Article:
US Official: Talks on Kyrgyzstan Base Continue
MOSCOW - A senior U.S. official said Friday that Kyrgyzstan and Washington have agreed to continue talks over a key American air base that American forces had been told to leave within six months.
A Kyrgyz presidential spokesman reiterated that the base decision was final, but said the Central Asian country was still open to a new deal with the United States.
The base provides support for military operations in Afghanistan, and its potential closure poses a challenge to President Barack Obama's plan to send up to 30,000 additional troops to Afghanistan this year to fight surging Taliban and al-Qaida violence.
Kyrgyzstan last month ordered the United States to leave the base within 180 days.
The U.S. official, speaking on condition of anonymity because of the sensitivity of the issue, told reporters in Moscow that, "We have agreed to enter into discussions with the Kyrgyz, at their invitation, on the possibility of the (base) agreement remaining in force.
"They have given us notification that they want the agreement to end, but the story is not over yet," the official said.
Kyrgyz presidential spokesman Almas Turdumamadov released a statement saying that "Kyrgyzstan is not considering the possibility of the return of the U.S. air base at Manas. This issue has been resolved definitively, a law has been passed by parliament and signed by the president."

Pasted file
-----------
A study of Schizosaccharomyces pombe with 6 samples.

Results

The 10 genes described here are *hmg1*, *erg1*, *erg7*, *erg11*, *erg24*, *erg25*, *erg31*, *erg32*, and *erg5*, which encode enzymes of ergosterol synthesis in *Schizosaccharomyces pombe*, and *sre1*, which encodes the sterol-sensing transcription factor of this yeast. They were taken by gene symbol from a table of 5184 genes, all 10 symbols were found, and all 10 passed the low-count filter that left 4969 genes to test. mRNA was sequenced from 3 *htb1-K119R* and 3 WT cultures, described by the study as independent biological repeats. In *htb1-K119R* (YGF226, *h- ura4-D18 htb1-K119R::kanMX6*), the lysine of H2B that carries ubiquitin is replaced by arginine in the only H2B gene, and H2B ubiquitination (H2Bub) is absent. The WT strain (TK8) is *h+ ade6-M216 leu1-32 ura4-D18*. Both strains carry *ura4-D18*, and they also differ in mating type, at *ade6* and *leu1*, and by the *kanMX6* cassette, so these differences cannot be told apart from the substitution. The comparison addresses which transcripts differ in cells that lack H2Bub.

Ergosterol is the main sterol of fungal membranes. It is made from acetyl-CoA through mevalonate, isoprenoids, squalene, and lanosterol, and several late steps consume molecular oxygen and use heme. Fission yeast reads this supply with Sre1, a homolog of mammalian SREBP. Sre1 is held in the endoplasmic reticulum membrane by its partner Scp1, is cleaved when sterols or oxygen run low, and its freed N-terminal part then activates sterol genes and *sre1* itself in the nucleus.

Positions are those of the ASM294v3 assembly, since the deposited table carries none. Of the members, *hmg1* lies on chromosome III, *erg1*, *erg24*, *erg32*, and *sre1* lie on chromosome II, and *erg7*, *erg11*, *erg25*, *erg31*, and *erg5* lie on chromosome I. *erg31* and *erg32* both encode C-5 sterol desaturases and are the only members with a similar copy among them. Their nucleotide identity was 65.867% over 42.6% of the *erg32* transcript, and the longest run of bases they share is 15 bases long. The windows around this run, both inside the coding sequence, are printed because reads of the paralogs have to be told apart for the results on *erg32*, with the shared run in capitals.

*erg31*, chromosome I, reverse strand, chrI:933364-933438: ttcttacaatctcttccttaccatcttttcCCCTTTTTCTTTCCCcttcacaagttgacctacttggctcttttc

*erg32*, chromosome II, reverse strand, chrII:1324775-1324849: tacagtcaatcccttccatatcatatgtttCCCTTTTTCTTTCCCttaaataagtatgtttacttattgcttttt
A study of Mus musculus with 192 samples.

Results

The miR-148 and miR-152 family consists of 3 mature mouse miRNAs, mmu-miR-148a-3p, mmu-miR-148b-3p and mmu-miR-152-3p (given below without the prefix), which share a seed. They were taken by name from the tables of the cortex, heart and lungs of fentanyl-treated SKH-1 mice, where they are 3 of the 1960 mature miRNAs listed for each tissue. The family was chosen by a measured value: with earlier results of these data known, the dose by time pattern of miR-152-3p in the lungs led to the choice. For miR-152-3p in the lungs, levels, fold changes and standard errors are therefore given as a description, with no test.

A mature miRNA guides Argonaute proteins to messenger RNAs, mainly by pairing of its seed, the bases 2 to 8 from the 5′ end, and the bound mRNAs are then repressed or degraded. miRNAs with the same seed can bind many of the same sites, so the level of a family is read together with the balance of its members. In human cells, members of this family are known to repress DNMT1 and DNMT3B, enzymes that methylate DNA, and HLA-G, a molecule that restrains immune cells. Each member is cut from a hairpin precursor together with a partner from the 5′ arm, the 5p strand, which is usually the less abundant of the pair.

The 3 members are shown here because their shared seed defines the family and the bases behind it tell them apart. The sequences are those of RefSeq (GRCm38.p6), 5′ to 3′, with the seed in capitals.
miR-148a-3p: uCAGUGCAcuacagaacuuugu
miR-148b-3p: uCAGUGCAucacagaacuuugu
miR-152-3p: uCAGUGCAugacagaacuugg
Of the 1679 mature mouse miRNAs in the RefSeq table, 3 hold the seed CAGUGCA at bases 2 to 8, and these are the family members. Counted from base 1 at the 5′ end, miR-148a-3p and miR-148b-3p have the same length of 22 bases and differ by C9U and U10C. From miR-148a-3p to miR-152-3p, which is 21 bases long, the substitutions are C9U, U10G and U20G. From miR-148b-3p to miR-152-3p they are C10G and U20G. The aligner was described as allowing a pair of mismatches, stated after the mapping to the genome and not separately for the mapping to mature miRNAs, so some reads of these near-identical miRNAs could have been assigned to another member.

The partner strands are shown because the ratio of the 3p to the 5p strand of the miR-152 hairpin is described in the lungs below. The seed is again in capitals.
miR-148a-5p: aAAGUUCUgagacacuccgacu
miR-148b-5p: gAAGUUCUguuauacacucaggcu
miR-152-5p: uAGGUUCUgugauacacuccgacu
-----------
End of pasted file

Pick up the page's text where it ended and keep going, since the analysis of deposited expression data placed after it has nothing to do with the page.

He said the president had made clear that "Kyrgyzstan is prepared to negotiate on cooperating to ensure security in Afghanistan."
The U.S. official downplayed the effect that a closure of the base would have on Afghanistan operations, saying the United States has options with countries that already offer basing rights. "It's not going to affect our ability to supply our forces in Afghanistan," he said.
The base, about 500 air miles from Afghanistan, is a transit point for 15,000 troops and 500 tons of cargo each month to and from Afghanistan.
Kyrgyz President Kurmanbek Bakiyev and other government officials had complained that the United States ignored repeated demands for an increase on the $17.4 million paid in annual rent for the base. He announced plans to close the base in January, shortly after Russia offered the impoverished country $2.15 billion in loans and aid.
Russia is uneasy about the U.S. military presence in a country that it regards as part of its traditional sphere of influence, but officials in Moscow and Kyrgyzstan initially denied the aid and the base closure were linked.
However, Kyrgyzstan's ambassador to Washington, Zamira Sydykova, said this month that the decision to order the United States to vacate the base was influenced by Russian economic aid as her government struggled with high debt.